When Everything Feels Like Sh*t: Why You NEED the Dreaded Off-Day

I sat looking at this blank document for about a week, writing and deleting thoughts. With impeccable timing as always, the universe came along and brought me a 3-hour training session from hell. Mid-horrendously struggling through my lifts, it dawned on me the perfect topic to talk about: When your training feels like the equivalent of walking...but you’re on fire and forced to listen to Daughtry on loop.

So there I was getting the world’s biggest struggle session, easy weight was wrecking me, stuffing donuts in my face was not even helping me. It became sorely obvious as I lay there on the gym floor fighting to cover the frustration on my face, that off-days are the quickest way to shatter your confidence in 2 hours or less. You can never understand your reference point for what sh*t feels like until you want to go nose deep into Ben and Jerry’s because depression struck faster than your spoon could hit the pint of ice cream. Taking a step back, it has dawned on me that maybe that is the point. Maybe feeling like complete dog doo doo has a purpose.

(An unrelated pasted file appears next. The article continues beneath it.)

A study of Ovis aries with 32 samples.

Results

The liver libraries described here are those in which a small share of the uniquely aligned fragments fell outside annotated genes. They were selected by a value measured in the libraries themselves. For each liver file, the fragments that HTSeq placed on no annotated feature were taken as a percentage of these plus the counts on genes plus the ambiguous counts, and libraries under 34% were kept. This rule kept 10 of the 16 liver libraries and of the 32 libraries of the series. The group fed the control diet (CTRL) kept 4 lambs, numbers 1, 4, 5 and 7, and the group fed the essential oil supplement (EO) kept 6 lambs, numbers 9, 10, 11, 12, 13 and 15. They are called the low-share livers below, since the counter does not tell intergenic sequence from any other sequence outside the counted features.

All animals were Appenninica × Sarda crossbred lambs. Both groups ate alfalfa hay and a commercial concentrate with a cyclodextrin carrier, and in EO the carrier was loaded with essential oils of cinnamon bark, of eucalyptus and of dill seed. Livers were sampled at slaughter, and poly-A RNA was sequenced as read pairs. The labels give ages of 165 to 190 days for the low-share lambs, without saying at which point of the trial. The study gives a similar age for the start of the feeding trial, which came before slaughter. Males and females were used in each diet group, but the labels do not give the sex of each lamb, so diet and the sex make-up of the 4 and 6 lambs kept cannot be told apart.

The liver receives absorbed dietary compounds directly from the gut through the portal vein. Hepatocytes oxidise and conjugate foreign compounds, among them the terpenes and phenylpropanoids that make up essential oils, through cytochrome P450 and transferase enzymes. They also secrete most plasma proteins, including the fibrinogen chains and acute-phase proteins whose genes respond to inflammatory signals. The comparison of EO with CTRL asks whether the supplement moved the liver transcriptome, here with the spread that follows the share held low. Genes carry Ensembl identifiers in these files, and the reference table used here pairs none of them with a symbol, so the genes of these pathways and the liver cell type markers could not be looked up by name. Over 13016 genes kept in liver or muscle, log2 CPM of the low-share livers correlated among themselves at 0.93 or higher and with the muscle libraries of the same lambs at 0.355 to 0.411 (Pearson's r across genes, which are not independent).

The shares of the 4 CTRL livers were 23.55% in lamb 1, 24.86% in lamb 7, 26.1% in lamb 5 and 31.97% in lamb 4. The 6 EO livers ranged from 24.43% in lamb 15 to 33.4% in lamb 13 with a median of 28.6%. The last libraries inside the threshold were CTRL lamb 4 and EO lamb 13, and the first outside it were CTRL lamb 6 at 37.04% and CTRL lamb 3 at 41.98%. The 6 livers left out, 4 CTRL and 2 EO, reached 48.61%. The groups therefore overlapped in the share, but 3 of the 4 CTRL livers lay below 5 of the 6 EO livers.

Bear with me for a second but it seems that when I put the ice cream down and look at anything tough that I have endured in life and in lifting, when the feeling of irritation dissipates I always make my way back and prove that I am more than the person cringing in failure on the floor. Call it redemption or call it strength but there is something that comes forth after feeling challenged that wasn’t quite there before. Every off day I go through bears a lesson in humility, finding a way to express gratitude about how truly amazing it is that my body lifts heavy weight day in and day out. Every missed lift forces me to fix the holes in my training and refocus. Staying the course, through the ugliness and sh*t, has led to greater things than being continually great ever has. It separates those that are passionate and crazy enough to walk through the fire long enough to turn off the Daughty, lace up their shoes again, and grow to be better than when they first walked in.